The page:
In the U.S. today, there is a widely-accepted and clear national standard for what is considered too drunk to drive legally – a blood alcohol content (BAC) of 0.08% or higher. But while most people understand the dangers of driving while intoxicated and wouldn’t dare let their loved ones drive drunk, it’s unclear where to draw the line for driving while high.
Recreational marijuana use is currently legal in 11 states and growing, and medicinal cannabis use is currently legal in 33. But as legalization makes its way across the country, policymakers are still struggling to define how to measure marijuana impairment and the extent of impairment the substance causes behind the wheel.
The challenges of defining marijuana impairment
The affects of marijuana negatively impact a person’s ability to focus and slows a person’s reaction time. But at what point is someone too high to get behind the wheel?
While law enforcement can detect marijuana use with blood or urine tests, it doesn’t tell them when the individual used the substance or indicate their level of impairment. Traces of marijuana can remain in the human body for weeks after using, and how high a person is can vary by the amount consumed, its potency and the individual’s tolerance to the substance.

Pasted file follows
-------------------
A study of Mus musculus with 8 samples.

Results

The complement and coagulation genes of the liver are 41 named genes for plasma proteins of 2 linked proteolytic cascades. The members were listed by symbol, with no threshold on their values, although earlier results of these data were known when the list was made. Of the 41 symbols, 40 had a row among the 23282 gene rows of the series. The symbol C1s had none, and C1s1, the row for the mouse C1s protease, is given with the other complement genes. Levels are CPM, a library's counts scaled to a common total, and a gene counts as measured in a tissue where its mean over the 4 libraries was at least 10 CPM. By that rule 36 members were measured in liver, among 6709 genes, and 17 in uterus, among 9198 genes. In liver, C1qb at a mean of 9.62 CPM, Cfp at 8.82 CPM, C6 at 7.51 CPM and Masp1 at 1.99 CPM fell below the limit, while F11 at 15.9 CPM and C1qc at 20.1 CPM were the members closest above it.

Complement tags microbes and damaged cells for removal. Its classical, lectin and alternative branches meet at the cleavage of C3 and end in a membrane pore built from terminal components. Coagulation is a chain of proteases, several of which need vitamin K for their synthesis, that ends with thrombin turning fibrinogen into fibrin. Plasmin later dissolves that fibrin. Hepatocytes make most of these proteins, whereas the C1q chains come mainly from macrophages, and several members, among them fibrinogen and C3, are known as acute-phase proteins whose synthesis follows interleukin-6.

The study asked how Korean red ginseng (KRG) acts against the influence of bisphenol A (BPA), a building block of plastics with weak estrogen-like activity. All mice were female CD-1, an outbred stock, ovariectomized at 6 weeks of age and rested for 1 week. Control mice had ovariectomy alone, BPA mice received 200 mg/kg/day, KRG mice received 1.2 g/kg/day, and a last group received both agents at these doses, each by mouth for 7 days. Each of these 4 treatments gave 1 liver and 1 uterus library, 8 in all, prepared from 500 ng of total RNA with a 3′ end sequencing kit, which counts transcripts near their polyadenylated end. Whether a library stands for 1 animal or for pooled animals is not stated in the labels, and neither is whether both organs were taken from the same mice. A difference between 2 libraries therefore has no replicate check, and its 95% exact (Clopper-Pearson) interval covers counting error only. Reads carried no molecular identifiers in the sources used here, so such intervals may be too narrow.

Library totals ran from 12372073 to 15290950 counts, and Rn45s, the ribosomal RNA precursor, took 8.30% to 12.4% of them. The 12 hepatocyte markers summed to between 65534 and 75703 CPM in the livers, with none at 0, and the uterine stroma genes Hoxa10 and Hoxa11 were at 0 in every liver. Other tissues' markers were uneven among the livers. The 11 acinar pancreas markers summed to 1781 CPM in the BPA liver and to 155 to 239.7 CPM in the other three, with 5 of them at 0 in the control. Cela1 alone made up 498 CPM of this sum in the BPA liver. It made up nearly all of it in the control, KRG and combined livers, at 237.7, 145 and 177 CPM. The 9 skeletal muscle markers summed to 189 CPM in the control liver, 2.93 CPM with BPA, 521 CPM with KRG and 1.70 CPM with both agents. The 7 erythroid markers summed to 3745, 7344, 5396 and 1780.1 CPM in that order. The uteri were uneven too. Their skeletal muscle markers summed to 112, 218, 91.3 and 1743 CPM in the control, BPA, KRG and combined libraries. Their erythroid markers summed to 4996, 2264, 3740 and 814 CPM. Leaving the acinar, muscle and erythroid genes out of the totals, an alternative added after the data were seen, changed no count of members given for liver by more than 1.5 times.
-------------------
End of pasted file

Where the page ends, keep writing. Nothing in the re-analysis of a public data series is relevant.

The limitations of existing policies
While the general consensus is driving while high is unsafe, states with existing policies for driving while high still have some pitfalls. Most of these laws measure intoxication by the amount of THC – the psychoactive ingredient in marijuana – in a person’s system.
A handful of states have zero tolerance laws, meaning a person cannot drive with any amount of THC in their system. This of course is problematic due to the duration THC can remain in the body.
Colorado defines marijuana impairment as having more than five nanograms of THC per millimeter of blood, however; there is no linear correlation between THC levels and impairment. Other states rely on law enforcement to perform field sobriety tests to determine whether a person is high. But field tests are subjective at best and racial biases could influence their results.
The bottom line
Until scientists and lawmakers establish a legal limit for marijuana impairment, knowing when a person is too high to drive remains unclear. If you want to stay safe on the road and avoid a potential DWI, it’s best to only to drive when you’re sober.